I am 33 years old and very much in love with a man my age. We have been together for eight months but our relationship from the beginning was very strong and that’s why lately we sleep over every night at each other’s house.
We usually have a great time together because we have many common interests and a very intense love life. My problem is that my boyfriend has started doing some troubling things. For example, while before he had no problem with me going out with my girlfriends or with friends from work, suddenly he gets upset every time I’m about to go out without him and he tries to convince me that it is not right, since we are in a serious and exclusive relationship, to go out with my male friends because my intentions may be misunderstood. I feel like he is trying to cut me off from my friends and that he would love to control me even though he doesn’t show it clearly and that scares me a lot because I have been in some relationships in the past with people who were very jealous and very possessive.
What should I do so that this does not spoil our relationship? I don’t want to lose him, but I also don’t want to accept not seeing my friends because he has a problem.
It seems that the way that everyone chooses their partner has to do with different models that they have inside them which act as prototypes and determine to a large extent the person they will fall in love with, and which partner they will choose.
This is why one often chooses partners who behave similarly. For example, one may choose partners who are distant, or who do not seem willing to commit to an exclusive romantic relationship. Others may reject partners who seem giving and easy-going on the grounds that they find them boring.
This is probably because most people are taught about love and relationships in childhood, as they grow up with people who become the prototypes of love for them. From those early caregivers they are taught what it means to love and be loved.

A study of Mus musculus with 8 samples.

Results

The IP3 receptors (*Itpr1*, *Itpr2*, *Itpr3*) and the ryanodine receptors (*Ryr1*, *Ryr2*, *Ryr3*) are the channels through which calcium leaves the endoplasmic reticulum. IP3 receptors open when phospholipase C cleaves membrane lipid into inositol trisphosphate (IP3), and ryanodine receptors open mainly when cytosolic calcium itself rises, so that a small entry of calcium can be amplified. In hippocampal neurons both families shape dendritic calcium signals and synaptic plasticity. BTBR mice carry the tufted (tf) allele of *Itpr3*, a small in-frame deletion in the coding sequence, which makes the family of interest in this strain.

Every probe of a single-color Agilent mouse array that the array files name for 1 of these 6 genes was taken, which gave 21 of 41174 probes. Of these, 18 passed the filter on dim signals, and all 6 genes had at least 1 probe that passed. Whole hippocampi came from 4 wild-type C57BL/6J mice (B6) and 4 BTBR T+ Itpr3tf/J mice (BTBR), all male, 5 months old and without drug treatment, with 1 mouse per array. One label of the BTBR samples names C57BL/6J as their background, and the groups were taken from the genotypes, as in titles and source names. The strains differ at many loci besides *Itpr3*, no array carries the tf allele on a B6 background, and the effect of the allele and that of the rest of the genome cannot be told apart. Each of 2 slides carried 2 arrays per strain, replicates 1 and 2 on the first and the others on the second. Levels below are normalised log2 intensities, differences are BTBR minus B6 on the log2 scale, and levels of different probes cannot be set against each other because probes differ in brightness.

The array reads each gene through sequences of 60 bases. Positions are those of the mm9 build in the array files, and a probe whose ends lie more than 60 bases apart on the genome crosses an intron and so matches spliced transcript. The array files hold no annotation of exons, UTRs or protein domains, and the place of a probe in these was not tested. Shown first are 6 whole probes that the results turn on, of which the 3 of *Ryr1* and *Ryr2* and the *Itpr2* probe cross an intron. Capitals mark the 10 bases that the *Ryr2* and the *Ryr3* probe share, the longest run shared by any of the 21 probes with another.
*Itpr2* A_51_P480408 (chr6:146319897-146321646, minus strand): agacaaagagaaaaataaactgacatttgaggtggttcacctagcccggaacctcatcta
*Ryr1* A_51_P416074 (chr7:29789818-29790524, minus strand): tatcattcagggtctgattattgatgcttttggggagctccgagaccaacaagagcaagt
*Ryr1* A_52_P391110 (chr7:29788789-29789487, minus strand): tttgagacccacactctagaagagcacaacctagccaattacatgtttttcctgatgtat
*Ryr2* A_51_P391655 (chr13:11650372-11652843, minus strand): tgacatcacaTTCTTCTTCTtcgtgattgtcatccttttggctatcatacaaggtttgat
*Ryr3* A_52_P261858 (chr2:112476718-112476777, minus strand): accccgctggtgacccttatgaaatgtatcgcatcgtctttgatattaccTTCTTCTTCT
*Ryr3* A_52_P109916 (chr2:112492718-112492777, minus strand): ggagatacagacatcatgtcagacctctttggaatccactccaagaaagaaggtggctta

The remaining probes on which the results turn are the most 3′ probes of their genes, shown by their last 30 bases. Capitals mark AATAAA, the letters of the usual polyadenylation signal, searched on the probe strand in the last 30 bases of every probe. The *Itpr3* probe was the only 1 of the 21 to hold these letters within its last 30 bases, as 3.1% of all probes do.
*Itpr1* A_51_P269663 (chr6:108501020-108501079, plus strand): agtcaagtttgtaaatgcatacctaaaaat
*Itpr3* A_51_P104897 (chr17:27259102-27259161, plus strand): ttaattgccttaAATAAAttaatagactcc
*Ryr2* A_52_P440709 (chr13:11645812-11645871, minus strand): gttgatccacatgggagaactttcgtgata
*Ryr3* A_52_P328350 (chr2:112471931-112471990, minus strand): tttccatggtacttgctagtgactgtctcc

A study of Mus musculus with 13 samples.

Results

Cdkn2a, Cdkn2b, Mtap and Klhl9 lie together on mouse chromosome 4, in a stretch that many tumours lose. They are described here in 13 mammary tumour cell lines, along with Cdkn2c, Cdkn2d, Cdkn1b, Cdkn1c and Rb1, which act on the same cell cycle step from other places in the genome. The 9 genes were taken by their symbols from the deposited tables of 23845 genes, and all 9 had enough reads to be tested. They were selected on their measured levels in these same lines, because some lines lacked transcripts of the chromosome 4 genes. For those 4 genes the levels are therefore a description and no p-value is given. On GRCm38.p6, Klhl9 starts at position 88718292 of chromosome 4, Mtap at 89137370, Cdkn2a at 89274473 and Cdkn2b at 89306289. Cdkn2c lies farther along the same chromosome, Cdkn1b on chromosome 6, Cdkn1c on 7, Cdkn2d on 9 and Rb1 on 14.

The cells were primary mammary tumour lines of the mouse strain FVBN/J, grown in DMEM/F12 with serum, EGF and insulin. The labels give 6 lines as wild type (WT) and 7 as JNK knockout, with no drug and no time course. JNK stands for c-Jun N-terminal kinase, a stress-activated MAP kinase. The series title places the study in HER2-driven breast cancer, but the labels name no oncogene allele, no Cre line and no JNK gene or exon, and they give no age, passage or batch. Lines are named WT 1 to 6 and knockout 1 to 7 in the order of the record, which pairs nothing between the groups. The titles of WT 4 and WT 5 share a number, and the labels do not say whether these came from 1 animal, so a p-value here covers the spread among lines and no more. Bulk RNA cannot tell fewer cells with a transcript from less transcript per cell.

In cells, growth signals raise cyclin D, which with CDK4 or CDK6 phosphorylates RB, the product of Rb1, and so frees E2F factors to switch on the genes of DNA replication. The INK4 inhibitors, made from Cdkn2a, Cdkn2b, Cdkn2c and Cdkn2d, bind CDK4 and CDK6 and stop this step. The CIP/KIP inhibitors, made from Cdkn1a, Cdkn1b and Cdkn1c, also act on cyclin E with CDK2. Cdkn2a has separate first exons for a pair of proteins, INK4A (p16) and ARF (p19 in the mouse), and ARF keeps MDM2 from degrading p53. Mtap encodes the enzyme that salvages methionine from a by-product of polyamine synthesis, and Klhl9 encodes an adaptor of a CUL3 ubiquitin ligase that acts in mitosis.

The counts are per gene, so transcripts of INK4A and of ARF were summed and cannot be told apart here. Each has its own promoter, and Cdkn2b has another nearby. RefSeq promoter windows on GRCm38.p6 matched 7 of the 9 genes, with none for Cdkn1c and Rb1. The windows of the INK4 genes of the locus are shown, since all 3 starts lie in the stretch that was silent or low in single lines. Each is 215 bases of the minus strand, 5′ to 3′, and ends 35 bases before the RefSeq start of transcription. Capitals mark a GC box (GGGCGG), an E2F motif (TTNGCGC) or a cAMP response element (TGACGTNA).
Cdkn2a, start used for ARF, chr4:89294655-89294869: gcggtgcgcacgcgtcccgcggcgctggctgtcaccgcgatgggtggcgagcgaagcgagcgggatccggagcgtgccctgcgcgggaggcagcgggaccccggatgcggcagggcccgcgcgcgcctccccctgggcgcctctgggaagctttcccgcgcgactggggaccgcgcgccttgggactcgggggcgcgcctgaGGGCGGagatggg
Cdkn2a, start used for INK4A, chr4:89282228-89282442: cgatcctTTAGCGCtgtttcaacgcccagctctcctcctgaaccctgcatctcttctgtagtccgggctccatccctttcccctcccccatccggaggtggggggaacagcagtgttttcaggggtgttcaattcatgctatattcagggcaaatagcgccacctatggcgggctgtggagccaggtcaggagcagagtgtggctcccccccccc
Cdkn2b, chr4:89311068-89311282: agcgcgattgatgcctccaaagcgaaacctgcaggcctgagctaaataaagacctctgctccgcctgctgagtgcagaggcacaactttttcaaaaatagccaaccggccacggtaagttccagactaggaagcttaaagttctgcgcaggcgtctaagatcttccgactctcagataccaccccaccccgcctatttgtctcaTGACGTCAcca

If someone has grown up equating love with control and possessiveness, they are likely to function later in their relationships as adults in a similar way.
Something similar may be happening to your partner. However, as decisive as the emotional bond with our primary caregiver is, it does not mean that it cannot change if there is an awareness and willingness to work on oneself after having recognized that some things in one’s relationships are dysfunctional.
So the first thing you might need to do is talk honestly with your boyfriend and explain calmly and non-judgmentally how you feel when you have to deal with his coldness, or why it’s important for you to see your friends. Try to understand what worries him, what his fears are, and help him understand that he can trust you and how important that is to you. Calmly set your boundaries and do not allow them to be violated even if you have to face the consequences. The man who won’t respect what you love may not be the one you want to have by your side.
In a second phase, consider your own patterns in choosing partners. Perhaps the answers to the following questions will help you understand yourself better:
What are the reasons you often commit to men who are jealous? What do they have in common with each other or perhaps with one of your parents? How does their behavior make you feel, and how would you feel if a man wasn’t jealous at all?
It is important to be able to discern patterns of behavior when one is choosing a partner. It is perhaps the first step towards finding healthier and happier relationships.
Stavroula Tsoutsa is a Certified Holistic Professional Life Coach, ICF ACC, Certified Heartmath Coach/Mentor and Trainer, and Certified Points of You Practitioner.